At Graeme Dingle Foundation we have a research team that’s dedicated to evaluating and developing programme logic models, and measuring outcomes. This work provides an important evidence base which helps define and refine our programmes, so we’re always up to date, responsive and relevant.

To make sure our evaluation design and practices remain credible (and to provide opportunities for external evaluation projects), we work alongside the University of Auckland and Massey University. We are also open to proposals for independent research projects from Masters and PhD students or other research agencies.

For more information on our research please refer below:
Annual Projects Summary
How our Programmes Impact our Young People

If you have any questions or would like access to any research, contact Julie Moore

  • Research and Evaluation Summary
  • School-based mentoring
  • Can Resilience be Built at School?

Research and Evaluation Summary

This Research and Evaluation Summary provides details of recent research on our programmes. The report summarises recently published research articles, project reports and details research projects that are currently underway.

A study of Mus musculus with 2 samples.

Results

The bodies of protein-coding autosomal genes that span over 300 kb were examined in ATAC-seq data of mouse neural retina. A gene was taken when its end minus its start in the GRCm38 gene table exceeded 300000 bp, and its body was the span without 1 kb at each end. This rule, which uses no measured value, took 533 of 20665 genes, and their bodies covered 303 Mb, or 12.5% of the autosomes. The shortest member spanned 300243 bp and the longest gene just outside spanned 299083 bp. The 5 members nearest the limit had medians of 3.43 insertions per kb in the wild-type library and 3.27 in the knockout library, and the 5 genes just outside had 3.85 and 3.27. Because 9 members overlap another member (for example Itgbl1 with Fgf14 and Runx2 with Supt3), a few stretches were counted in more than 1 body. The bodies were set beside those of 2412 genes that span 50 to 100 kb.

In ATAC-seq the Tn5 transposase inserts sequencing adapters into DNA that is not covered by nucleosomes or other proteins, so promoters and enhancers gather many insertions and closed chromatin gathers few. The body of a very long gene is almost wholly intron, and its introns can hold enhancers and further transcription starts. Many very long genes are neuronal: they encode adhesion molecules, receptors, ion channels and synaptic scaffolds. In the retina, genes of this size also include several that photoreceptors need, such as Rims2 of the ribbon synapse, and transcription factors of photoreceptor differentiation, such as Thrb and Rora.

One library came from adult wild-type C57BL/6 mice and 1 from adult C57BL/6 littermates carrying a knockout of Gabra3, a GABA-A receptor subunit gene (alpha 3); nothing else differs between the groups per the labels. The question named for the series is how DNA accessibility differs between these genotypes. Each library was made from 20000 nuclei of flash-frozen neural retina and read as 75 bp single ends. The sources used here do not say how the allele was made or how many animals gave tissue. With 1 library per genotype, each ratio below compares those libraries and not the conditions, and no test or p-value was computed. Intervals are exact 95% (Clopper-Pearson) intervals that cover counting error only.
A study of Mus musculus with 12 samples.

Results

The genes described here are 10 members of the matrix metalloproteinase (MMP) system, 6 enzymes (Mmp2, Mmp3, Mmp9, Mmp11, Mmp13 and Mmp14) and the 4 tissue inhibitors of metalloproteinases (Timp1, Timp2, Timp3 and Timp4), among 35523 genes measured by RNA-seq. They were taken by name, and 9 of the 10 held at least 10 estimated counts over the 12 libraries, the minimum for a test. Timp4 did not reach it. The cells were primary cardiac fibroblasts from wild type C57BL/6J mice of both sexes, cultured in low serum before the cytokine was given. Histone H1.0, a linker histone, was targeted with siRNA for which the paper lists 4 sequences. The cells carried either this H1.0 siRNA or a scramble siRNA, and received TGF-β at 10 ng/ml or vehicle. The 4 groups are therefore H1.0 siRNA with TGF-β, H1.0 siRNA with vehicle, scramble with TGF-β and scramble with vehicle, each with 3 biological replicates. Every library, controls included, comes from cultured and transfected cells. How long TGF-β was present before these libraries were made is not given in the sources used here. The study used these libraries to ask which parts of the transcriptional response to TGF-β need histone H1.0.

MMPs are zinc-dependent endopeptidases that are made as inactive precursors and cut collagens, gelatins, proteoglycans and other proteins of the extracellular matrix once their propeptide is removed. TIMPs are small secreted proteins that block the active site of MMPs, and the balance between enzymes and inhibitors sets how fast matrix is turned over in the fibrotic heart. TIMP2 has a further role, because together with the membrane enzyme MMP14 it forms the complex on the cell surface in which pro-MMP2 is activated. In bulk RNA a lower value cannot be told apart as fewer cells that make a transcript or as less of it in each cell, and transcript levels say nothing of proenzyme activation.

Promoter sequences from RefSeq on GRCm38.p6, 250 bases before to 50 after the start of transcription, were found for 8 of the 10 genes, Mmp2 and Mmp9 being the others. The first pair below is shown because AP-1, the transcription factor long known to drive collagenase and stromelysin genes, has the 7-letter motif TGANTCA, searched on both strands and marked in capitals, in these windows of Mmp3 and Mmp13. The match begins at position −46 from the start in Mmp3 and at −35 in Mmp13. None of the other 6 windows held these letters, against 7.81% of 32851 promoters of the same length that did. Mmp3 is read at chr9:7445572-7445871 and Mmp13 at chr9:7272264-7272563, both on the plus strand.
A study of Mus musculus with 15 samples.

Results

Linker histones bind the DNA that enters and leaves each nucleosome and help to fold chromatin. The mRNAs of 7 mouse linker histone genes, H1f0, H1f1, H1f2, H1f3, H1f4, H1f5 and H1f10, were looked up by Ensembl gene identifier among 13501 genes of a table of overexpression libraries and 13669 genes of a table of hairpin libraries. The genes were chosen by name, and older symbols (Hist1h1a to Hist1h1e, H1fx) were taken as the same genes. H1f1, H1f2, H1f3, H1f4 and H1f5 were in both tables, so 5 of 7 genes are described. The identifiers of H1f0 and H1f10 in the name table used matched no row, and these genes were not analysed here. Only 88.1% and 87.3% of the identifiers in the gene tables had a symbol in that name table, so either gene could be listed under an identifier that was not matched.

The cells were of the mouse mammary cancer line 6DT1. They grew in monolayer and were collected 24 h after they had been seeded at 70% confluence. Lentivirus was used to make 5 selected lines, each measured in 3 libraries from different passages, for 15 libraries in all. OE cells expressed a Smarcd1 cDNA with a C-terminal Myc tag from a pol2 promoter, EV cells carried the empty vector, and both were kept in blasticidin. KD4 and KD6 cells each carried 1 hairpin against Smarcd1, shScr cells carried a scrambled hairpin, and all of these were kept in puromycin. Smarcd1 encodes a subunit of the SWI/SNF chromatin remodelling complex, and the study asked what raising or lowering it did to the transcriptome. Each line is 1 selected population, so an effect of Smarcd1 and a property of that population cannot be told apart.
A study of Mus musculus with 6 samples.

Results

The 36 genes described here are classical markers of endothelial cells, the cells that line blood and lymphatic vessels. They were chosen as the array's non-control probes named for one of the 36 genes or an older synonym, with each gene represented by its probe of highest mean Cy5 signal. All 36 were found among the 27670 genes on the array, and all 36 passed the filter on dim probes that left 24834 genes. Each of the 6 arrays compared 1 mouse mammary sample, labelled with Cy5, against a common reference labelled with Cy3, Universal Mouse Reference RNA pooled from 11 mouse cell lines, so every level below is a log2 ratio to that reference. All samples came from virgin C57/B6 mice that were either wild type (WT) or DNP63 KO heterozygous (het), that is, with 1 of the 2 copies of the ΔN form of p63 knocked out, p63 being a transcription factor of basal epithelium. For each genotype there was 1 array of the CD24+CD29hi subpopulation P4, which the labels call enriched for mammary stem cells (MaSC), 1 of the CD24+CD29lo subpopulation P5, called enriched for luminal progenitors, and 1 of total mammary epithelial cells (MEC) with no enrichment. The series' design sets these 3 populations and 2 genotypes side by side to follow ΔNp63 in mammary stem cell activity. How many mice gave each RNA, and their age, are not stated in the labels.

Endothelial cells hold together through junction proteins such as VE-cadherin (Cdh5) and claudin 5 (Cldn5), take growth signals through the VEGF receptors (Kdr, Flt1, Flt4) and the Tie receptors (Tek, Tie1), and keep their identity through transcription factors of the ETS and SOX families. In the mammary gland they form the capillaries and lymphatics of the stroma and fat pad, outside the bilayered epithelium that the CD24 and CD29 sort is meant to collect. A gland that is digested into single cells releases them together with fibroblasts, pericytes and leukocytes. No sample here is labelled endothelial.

School-based mentoring: Examining the cultural and economic variations in engagement and effectiveness. Written by Kellie Noonan, Pat Bullen, Susan Farruggia for the University of Auckland, May 2012.

This paper examines the need for overseas mentoring models to be adapted to meet the needs of New Zealand youth. 


The Education Review Office (ERO) has released an interesting article about the link between resilience and doing well at school. It has been found that children who show higher resilience also do better academically. Therefore the importance of building resilience in our tamariki is high and the work we do in our programmes is imperative in improving the academic success of our students. “In practical terms, schools can help children succeed by giving them a variety of learning strategies to apply if they are having difficulty”.

This article confirms the importance of having programmes like Kiwi can in schools because it gives tamariki the tools they need to overcome different obstacles in the classroom. Kiwi Can classrooms are a safe environment where leaders teach interpersonal skills that help students to build caring, respectful relationships, and values that help to build student character. During Kiwi Can lessons the leaders’ use of positive language and positive reinforcement, and student experiences of success encourage full participation, which helps to increase student competence, resilience and  confidence.